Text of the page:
Nairobi — East African environmental specialists have questioned new research that concludes that that climate change will bring increased drought, rather than more rain, to the region.
The new research, published in Climate Dynamics, predicts that the droughts common in eastern Africa over the past 20 years are likely to continue if global temperatures rise further.
But the prediction contradicts the scenario of increased rainfall projected by the Intergovernmental Panel on Climate Change (IPCC).
The researchers, from the University of California, Santa Barbara, studied temperature, wind speed and precipitation data over the last 20-30 years to determine what was driving climate variations in the tropical Indian and Pacific Ocean regions.
They found that the Indian Ocean has warmed particularly fast, increasing rainfall over the ocean and the westward movement of dry air over Eastern Africa - hence decreasing rainfall.
The severe food shortages experienced by millions of people in Ethiopia, Kenya and Somalia will be exacerbated by increased drought in the future, said the researchers.
Their work supports efforts by the US Geological Survey and the US Agency for International Development (USAID) to better target food aid by pinpointing areas of potential drought, and informing agricultural, environmental and water resources projects.
But the conclusions were dismissed by some East African climate researchers.
Richard Odingo of the University of Nairobi and former vice chair of the IPCC said the research was "half-baked" and served only US relief interests in the region.
He said it was erroneous to say the IPCC was wrong as the organisation used data going back 300 years from many different sources, as well as taking into account links between weather systems high in the Earth's atmosphere.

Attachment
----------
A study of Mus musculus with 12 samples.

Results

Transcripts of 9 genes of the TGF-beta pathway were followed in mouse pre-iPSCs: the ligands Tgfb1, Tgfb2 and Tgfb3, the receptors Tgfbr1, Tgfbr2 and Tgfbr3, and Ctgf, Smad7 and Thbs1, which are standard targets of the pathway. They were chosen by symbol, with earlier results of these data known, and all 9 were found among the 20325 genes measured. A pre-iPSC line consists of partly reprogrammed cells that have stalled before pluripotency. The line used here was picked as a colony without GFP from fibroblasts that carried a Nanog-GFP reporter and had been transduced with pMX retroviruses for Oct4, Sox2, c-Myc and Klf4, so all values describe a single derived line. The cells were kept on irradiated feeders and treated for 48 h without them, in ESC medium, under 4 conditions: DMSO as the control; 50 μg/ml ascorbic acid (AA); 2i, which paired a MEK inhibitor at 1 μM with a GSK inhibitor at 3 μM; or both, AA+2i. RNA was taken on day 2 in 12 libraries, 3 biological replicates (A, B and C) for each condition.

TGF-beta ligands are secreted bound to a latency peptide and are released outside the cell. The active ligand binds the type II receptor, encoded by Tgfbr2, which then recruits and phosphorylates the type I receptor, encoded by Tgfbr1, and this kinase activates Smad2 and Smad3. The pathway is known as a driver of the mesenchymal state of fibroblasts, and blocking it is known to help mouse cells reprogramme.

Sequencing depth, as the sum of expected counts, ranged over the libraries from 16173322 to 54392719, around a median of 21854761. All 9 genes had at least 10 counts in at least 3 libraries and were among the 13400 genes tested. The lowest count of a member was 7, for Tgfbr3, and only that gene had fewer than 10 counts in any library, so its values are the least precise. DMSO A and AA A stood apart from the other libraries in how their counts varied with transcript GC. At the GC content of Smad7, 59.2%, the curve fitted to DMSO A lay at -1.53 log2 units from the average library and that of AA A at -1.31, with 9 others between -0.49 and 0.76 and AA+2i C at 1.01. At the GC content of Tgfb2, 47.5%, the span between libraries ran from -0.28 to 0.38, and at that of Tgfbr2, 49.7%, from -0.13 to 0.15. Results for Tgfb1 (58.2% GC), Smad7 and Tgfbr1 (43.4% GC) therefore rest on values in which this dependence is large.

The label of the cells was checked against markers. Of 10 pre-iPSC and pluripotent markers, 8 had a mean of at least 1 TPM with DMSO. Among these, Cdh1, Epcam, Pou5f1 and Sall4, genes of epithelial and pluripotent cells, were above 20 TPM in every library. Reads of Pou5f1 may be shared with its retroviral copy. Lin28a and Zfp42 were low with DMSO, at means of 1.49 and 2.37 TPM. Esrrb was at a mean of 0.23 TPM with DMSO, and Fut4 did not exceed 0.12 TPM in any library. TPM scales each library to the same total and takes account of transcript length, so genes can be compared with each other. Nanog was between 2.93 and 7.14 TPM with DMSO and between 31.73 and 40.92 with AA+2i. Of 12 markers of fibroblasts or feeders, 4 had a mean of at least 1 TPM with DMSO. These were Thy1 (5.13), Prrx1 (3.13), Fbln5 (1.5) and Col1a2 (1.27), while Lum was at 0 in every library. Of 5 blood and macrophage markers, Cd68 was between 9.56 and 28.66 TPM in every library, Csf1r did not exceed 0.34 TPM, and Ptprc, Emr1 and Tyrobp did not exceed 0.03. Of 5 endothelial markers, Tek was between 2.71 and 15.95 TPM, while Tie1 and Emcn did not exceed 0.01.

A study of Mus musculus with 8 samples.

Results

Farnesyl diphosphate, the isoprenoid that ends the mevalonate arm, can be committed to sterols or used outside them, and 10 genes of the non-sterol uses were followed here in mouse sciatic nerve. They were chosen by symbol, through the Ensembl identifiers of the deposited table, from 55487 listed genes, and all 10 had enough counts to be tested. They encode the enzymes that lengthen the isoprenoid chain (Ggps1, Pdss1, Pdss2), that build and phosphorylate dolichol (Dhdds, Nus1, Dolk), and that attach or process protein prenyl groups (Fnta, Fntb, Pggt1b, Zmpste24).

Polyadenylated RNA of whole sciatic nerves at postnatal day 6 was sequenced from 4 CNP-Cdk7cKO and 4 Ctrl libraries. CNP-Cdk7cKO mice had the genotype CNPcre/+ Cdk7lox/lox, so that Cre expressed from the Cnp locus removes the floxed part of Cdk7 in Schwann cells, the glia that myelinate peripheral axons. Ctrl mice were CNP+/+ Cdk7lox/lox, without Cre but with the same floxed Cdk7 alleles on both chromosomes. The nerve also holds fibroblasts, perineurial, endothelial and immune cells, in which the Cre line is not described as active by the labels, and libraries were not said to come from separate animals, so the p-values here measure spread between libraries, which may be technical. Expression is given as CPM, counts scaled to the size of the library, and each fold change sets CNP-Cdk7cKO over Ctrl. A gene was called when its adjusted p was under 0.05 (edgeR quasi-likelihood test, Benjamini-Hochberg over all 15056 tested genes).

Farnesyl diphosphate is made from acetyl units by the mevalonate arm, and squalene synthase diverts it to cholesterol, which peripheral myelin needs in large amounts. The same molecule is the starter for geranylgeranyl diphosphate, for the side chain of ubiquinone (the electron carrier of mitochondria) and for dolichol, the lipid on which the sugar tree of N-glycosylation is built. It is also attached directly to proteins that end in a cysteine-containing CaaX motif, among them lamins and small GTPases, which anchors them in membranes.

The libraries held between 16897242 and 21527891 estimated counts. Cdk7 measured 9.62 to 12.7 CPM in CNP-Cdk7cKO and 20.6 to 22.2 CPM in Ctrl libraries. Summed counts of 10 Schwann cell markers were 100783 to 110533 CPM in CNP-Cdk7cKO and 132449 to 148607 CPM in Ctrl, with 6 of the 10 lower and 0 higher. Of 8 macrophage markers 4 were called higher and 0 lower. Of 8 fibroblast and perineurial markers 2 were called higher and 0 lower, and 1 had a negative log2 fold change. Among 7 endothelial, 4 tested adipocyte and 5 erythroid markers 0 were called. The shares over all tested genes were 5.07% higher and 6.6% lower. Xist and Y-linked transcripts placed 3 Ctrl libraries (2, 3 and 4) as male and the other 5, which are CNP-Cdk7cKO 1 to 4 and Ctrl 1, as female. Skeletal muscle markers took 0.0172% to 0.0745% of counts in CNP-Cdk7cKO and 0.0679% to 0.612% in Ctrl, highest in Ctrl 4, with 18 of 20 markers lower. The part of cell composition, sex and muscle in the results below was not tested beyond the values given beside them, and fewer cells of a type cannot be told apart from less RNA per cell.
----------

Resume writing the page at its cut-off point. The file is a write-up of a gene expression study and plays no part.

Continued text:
Benson Ochieng', an environment lawyer with the Institute for Law and Environmental Governance agreed. "The bottom-line in arriving at a conclusive result is to rely on many facets of the weather because climate is controlled by many atmospheric facets," he said.
But Park Williams, co-author of the paper and a postdoctoral fellow at the University of California, Santa Barbara, said global models [such as those produced by the IPCC] have a notoriously difficult time accurately simulating rainfall patterns over tropical land masses.
"Global models are tending to forecast a global trend toward a more El Ni-o-like climate which would, for example, generally mean more rainfall for Ethiopia and Kenya during the March to June period.
"It would be unwise just to look at the [rainfall] maps produced by the IPCC and take them at face value," he told SciDev.Net.
"We did not set out to debunk the IPCC report. Our role was to examine the data and the science behind it."
"People put a lot of confidence in the IPCC reports but there are a lot of caveats. There is still a lot of uncertainty in their models. We are quite comfortable using other models to come to other conclusions."